The world’s third largest miner, Rio Tinto Limited announced last week that it is reviewing its diamond business, potentially selling it all off.
Rio Tinto operates three diamond mines including Argyle in Australia, Diavik in Canada’s far north and Murowa in Zimbabwe. The miner also has an advanced diamond project in Bunder, India.
Rio Tinto follows BHP Billiton, the globe’s biggest mining company, which in November launched a review of its diamond operations with an eye to selling assets including Ekati, Canada’s oldest diamond mine and neighbour of Diavik.
Reuters argues that the diamond business is “simply too small” for the mining giants. Rio Tinto’s diamond mines contribute less than 2% to its earnings and its a tiny proportion of BHP’s income as well.
On top of that the profit margins for the gems, compared to say iron ore which sits at a more than comfortable 70% in Rio Tinto’s case, is too tight.
Nevertheless, the titans would be exiting a market where fundamentals continue to improve.
Rough-diamond prices rose 24% in 2011 building on strong gains during the two preceding years.
Supply is tight – Diavik and Ekati were the last major diamond discoveries but that was in the early 1990s. Diavik is Canada largest diamond mine while Ekati supplies roughly 10% of the world’s diamonds by value. And Ekati’s best days are behind it – its remaining life could be as short as eight years.
Consultants Bain & Co paints a particularly rosy future for the industry saying global demand will nearly double by the end of the decade thanks to an expanding middle class in China and India:
Diamond demand, in carats, will grow more than six per cent per year through 2020, far outpacing the 2.8 percent annual supply growth, creating a “structural shortage” for the industry and signaling potential price increases, particularly in the larger-carat diamond segments.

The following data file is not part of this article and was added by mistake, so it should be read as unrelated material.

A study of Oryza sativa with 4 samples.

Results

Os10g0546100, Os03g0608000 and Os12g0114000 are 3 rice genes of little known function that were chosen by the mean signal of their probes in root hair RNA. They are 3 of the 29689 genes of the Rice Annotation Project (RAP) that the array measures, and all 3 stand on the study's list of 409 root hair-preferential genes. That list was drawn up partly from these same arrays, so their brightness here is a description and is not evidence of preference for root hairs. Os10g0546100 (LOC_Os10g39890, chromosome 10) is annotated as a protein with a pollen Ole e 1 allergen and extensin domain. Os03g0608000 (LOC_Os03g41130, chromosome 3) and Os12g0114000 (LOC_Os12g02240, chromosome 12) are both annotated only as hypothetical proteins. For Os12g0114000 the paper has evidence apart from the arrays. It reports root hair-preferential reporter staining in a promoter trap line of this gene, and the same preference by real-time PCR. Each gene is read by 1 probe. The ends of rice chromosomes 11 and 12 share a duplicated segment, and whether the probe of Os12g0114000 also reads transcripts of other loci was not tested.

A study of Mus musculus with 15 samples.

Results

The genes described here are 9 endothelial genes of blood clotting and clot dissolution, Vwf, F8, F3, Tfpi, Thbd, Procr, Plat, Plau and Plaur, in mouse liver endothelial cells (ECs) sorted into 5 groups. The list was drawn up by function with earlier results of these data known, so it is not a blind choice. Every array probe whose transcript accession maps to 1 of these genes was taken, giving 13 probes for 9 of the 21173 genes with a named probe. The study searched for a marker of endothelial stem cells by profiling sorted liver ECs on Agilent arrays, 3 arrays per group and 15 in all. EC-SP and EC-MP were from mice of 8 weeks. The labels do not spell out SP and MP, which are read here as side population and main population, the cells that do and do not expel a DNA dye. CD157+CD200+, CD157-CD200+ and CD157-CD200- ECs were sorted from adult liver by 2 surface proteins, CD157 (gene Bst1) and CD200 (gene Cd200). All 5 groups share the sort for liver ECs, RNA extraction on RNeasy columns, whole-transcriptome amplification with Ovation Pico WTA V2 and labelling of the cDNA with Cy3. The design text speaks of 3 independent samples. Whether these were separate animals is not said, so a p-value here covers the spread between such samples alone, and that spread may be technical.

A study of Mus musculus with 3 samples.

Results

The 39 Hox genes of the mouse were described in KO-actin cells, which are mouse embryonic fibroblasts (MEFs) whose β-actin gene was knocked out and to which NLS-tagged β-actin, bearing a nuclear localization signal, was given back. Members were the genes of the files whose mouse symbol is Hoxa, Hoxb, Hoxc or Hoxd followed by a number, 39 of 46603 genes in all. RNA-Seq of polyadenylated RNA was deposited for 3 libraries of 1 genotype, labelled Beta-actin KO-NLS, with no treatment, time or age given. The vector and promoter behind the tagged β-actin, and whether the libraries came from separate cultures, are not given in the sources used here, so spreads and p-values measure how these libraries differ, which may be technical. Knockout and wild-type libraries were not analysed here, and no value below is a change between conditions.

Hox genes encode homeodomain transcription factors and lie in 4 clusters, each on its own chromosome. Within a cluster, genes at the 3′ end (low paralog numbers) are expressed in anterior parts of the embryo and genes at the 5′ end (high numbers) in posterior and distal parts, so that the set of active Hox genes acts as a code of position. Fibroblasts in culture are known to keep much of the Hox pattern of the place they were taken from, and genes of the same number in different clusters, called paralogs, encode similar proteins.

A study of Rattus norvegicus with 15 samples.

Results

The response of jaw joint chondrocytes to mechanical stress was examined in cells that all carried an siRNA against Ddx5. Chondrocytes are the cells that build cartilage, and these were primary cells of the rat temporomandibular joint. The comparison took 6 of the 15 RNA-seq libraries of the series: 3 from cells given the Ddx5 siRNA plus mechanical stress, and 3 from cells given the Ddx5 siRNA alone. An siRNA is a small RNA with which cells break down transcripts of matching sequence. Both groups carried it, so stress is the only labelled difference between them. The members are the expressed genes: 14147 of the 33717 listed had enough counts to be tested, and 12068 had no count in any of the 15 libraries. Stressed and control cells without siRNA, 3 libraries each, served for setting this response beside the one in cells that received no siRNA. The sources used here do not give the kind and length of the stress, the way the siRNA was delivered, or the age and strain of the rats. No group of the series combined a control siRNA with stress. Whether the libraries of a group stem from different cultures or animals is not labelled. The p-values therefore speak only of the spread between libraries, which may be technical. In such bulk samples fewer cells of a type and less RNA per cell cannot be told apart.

Even the most conservative growth scenario in the report forecasts a strong positive outlook for the $60 billion diamond jewelry industry.
The growth forecasts by Bain are similar to that of Anglo-American, which just weeks before BHP’s said it may exit the business altogether, announced a $5.1 billion buyout of De Beers.
After a century in the business De Beers still dominates the market. Its trading arm boasted sales of unpolished and uncut diamonds of $6.5 billion last year from $5.1 billion in 2010. Given its heft De Beers is not a likely buyer.
Reuters speculates on which companies may be interested in Rio and BHP’s diamond mines:
It might appeal especially to Harry Winston, which already owns 40 percent of Diavik. Or a private equity firm could emulate the Toronto jeweller-cum-miner’s vertically integrated model. Buyout firms are usually cautious about commodities. But a diamond retailer with its own source of supply could command a lofty, luxury industry valuation when the time to sell comes.
Image is “For the Love of God” by British artist Damien Hirst produced in 2007. It consists of a platinum cast of a human skull encrusted with 8,601 diamonds that according to Hirst cost $22 million.